Camp of the 140th Regt. N. Y. V. Z[ouaves]
Near Hatcher’s Run, Va.
February 18th 1865
Dear Mother & Sister,
Your very kind note of the 12th inst. duly arrived at its destination this morning & which was read with much gratitude. Was very glad to learn by rehearsal all were well & enjoying yourselves so happily & my hopes are that this may find you as heretofore, As for myself, my health is very good & I am in hopes I may be permitted to enjoy health while in the army so far from home.
I am down in spirits ever since the conflict at the above-named place on the 6th instant in which I had a dear and esteemed friend of mine wounded by one of the enemy deadly missiles of war. He was shot through the thigh—the ball severing the main cord of the leg & injured another. His name you have no doubt seen among the list of casualties (S. Young ¹). He was a gentleman & a true soldier—no better ever shouldered a musket in the Army of the Potomac. From the moment of my hearing he was wounded up to the present time, I have been as lonesome as a lost sheep. I could of shed no more tears had it been an only brother. Had his destiny been death, God only knew what would become of me. But as it was not, I thank God for sparing his life. His last soldiering is done in the field & when I reflect but for a moment on the past happy times we have enjoyed together as fellow soldiers & then look to the future & see that he cannot return to his command, I can hardly refrain from tears. At the same time, I had ought to be glad he has once more got out of the field after all he has suffered for his country, this being the third time they (the Rebels) have hit him. He received a ball through the palm of the hand at the Wilderness.
I hardly know how to enjoy myself the remainder of my term but will try & keep up good courage as I am in hopes of seeing him ‘ere long again & both free men, But not until that Emblem of Liberty waves over the spires of Richmond. I’ll bet my old hat against a new one that Gen. Lee surrenders his army to the Hero Gen’l. Grant inside of three months. Only look what has been accomplished during the past three weeks. Charleston is in Sherman’s grasp & which cuts them entirely off from the Rebel Capitol. The fall of Wilmington was a severe blow to them but they was ashamed to acknowledge to it & turned it off as being a “blessing in disguise.”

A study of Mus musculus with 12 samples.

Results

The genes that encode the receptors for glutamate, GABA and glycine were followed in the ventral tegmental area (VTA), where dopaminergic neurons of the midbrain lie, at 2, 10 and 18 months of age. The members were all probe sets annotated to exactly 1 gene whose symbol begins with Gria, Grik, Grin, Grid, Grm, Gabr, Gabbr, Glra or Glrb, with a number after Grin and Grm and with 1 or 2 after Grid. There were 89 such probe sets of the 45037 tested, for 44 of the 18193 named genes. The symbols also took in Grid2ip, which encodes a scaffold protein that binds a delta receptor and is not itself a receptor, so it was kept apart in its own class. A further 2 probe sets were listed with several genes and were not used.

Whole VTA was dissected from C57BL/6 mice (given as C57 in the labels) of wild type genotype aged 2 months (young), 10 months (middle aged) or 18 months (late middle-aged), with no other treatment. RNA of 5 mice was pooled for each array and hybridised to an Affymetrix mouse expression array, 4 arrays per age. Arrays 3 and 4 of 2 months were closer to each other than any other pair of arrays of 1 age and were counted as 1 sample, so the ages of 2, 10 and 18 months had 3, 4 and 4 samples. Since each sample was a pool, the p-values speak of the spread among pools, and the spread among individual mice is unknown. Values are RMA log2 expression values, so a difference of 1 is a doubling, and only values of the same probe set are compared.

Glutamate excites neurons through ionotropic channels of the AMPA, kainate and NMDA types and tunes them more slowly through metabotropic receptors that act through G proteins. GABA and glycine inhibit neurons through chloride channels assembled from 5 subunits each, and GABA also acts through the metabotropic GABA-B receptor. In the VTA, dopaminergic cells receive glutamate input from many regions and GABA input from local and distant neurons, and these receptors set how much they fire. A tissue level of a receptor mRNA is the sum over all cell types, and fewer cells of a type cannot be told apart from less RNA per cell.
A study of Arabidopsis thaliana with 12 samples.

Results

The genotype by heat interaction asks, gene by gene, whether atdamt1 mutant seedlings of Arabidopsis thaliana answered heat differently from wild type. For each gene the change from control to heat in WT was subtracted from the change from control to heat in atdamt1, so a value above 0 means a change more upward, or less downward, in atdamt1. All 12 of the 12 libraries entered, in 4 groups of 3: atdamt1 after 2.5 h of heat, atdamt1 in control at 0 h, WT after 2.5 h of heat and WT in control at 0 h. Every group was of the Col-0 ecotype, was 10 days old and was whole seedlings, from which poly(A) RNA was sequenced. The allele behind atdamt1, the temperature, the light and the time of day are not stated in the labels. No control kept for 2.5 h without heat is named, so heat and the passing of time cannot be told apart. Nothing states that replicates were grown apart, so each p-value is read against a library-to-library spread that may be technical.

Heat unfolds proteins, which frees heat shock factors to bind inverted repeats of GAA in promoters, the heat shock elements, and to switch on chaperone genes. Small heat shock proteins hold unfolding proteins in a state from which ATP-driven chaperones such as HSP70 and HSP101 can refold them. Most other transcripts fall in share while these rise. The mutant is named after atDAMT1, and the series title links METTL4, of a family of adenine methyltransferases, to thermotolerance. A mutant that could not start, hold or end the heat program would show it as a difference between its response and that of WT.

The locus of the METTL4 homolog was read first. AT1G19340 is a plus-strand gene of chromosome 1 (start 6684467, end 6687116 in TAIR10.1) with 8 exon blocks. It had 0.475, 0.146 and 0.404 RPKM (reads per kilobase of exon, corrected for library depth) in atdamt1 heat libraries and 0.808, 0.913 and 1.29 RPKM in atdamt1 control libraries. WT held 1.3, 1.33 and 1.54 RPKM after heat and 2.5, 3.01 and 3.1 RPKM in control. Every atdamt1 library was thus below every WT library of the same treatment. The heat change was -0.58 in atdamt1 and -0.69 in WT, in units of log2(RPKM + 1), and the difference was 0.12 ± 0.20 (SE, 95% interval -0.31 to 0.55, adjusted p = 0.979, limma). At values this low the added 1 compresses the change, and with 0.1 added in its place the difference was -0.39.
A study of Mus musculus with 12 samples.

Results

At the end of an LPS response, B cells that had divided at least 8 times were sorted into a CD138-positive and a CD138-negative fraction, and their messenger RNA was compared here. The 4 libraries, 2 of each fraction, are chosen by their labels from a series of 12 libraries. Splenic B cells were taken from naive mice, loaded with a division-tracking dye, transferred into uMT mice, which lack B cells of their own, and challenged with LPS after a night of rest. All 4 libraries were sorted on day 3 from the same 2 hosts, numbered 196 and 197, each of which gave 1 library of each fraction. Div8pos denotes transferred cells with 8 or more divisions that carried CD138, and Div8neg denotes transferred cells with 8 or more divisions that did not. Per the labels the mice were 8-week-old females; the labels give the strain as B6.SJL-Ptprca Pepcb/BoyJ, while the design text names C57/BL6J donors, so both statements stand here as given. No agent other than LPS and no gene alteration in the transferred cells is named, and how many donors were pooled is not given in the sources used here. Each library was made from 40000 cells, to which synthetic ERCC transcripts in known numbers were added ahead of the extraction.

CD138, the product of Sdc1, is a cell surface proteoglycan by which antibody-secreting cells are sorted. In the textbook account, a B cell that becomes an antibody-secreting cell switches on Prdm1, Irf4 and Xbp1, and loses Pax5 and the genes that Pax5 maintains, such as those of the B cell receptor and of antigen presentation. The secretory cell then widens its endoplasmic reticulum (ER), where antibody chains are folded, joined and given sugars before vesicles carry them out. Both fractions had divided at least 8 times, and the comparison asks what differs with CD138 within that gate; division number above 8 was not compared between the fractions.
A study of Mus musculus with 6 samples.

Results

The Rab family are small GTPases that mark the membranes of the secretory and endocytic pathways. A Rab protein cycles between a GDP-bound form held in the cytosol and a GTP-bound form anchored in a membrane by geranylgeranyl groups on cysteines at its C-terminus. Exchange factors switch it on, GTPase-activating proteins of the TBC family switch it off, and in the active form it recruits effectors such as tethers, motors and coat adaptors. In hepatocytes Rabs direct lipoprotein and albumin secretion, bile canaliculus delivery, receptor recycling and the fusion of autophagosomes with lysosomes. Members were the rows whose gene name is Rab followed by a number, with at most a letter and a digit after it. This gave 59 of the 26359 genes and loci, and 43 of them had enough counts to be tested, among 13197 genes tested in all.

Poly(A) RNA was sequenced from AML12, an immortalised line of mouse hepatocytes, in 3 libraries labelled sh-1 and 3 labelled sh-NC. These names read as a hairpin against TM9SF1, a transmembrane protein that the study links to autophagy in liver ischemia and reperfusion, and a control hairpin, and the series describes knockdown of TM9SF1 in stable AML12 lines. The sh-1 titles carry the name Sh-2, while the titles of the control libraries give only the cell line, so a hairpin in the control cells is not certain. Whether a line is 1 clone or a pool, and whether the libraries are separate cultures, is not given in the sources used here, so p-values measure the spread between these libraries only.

They had better go & soak their heads & not try and mistake the fox who had been trying a long time to get some grapes. But they being so high up he could not reach them & turning away he said that they were nothing but sour ones & he didn’t want any of them. So it is with the Rebels after they lose an important position. They mention of it being a place of no importance. Though in this last ride or rather strategic movement on the left near Hatcher’s Run they acknowledge that Grant has a position here which he had ought to be driven from, but my idea they are not able to do it at present. They may concentrate all of their available forces & make an attempt to break our line but their attempt would be in vain. You have in my estimation seen through the medium of war papers the full accounts of the late battle & we will say nothing in regard to it—only that it was rather a hot place for some time.
Our Brigade (the 1 Brigade, 2nd Division, 5th Army Corps, it commander Gen’l. Winthrop) held their position against two lines of battle while we had but one which they could not waver. Almost every man was out of ammunition in our brigade when we was relieved. I suffered more on this last move than at anytime before.
It is a getting late & I will close by requesting of you to send me a lot of postage stamps. Accept from your son, — C. C. Miller
¹ Stewart Young enlisted on 25 July 1863 at the age of 20 at Newfield to serve three years in Co. D, 140th New York Volunteers. He was wounded in action on 5 May 1864 at the Battle of the Wilderness, and again on 6 February 1865 at Hatcher’s Run. He mustered out with detachment on 22 May 1865 at Wilmington, Delaware.